Let’s face it: You can’t please everyone all the time.
It’s important that your employees understands the difference between helping out a happy customer and spinning their wheels with an angry one. That’s why we asked 10 entrepreneurs from the Young Entrepreneur Council (YEC) how best to focus your team’s efforts in the right direction when it comes to customer service.
1. Just make sure they’re heard
I read an unbelievable quote by restaurateur, Danny Meyer: “The customer is certainly not always right. But they must always feel heard.” Get to the point where the customer’s issues have been heard, and then move forward. If they are doomed to be unhappy, consider if you want that kind of energy around.
2. Differentiate between good and bad anxiety
In client services, there are two types of anxiety you must learn to differentiate: good and bad. Clients that are never happy no matter how much effort you put in induce bad anxiety. Clients that you can’t wait to show projects to or you want to go the extra mile for create good anxiety. Identifying the type of anxiety and balancing energy input is the key to good work and a happy staff!
3. Make a “most valuable customer” list
Your team is likely not as intimately knowledgable about billings as you are. While of course outwardly “every customer is important” is a great philosophy, it’s just not true. A client is as valuable as their billings and their referral power. Create an internal list of the top clients in order of importance, and stress that they always get priority.
4. Be proactive with happy customers
The importance of dealing with unhappy and angry customers can’t be overstated. However, these customers tend to come at your team. When your team is reactive and dealing with inbound customer interactions, it’s very likely that they’re not spending enough time with your happy customers. Create time and goals for customer outreach to emphasize proactive communication with your happiest customers.
5. Make a blacklist and whitelist
List the angry customers in your blacklist and the happy customers in your whitelist, and have you or your employees log the amount of time you spend on each interaction and what each interaction was about. Then, tally up the total time spent for each list and make it a point to spend more time with interactions on the whitelist versus the blacklist.
6. Bucket your customers
If an angry customer has already been on a call with a sales rep and seems very unreasonable and time consuming, then make sure to tag the customer in your CRM so all customer service and sales people know that this is a tough customer. This way they will know not to prioritize that person over other customers.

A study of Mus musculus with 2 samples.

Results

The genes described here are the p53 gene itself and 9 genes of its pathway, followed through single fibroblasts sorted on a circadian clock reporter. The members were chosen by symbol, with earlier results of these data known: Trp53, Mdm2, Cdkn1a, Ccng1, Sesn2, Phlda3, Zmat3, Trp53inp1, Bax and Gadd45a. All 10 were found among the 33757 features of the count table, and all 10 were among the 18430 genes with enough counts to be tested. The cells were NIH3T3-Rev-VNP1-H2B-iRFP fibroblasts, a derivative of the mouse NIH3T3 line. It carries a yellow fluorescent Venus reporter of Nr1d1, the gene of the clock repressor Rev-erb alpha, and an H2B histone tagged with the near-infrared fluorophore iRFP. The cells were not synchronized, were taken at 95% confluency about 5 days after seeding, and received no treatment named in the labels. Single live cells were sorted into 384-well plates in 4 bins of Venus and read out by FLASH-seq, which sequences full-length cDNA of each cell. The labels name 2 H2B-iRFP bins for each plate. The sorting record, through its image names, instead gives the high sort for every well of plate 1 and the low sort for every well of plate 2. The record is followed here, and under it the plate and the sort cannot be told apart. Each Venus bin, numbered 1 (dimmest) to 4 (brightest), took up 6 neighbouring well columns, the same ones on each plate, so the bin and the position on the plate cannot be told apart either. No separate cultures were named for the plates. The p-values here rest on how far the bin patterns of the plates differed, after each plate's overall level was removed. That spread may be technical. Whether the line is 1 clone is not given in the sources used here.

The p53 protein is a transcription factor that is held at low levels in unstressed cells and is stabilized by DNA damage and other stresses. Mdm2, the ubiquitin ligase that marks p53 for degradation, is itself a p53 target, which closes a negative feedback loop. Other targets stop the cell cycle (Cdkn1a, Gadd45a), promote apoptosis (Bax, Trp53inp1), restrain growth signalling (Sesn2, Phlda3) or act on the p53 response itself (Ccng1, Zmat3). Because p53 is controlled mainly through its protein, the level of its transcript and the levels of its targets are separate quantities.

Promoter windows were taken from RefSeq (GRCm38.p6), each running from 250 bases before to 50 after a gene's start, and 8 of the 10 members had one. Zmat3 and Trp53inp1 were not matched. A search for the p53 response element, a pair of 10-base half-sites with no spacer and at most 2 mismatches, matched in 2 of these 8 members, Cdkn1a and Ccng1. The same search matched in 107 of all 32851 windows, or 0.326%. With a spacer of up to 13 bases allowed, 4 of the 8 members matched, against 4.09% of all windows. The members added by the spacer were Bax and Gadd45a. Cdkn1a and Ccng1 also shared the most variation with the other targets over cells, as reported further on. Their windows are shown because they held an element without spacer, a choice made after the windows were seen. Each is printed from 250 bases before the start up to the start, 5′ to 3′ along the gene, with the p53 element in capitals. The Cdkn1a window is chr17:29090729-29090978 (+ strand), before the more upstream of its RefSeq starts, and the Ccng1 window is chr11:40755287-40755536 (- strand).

7. Help those who suffer most from the problem you are solving
Surprisingly, it is often easier to turn your angry customers into advocates than your happy ones. If someone spent the time and effort to contact you and complain, it usually means they want your product to solve a problem that’s really important to them. Find a way to resolve their complaints and you can often transition them from your worst complainers to your biggest advocates.
8. Build proactive client relationships
The difference is between customer service (being reactive) and client relations (being proactive). Don’t wait for a customer to call angry. Instead, focus your resources on building client relationships where you proactively set daily or weekly touch points with your clients. Being proactive will eliminate angry clients and will allow your entire staff to focus on building happy relationships.
9. Create standard operating proceedures
Don’t leave it up to employees to figure out how to handle angry customers. Make handling customer challenges a no-brainer by creating a list of SOPs—or standard operating procedures. If something new comes up, document the issue and create a desired response. With SOPs in place, it’s easy to empower employees to make low risk decisions without having to ask a manager.
10. Address the problem areas
People get angry for many reasons, but don’t let these episodes drain your energy. Look at the main reasons they are upset, and see what you can do to solve those issues. If these are clients, are they your best clients, or are they the clients who regularly make irrational demands? If it’s the latter, let them go. Your most valuable clients deserve your most valuable asset: time.
How do you help your team manage their customer service efforts? Share your advice in the comments below.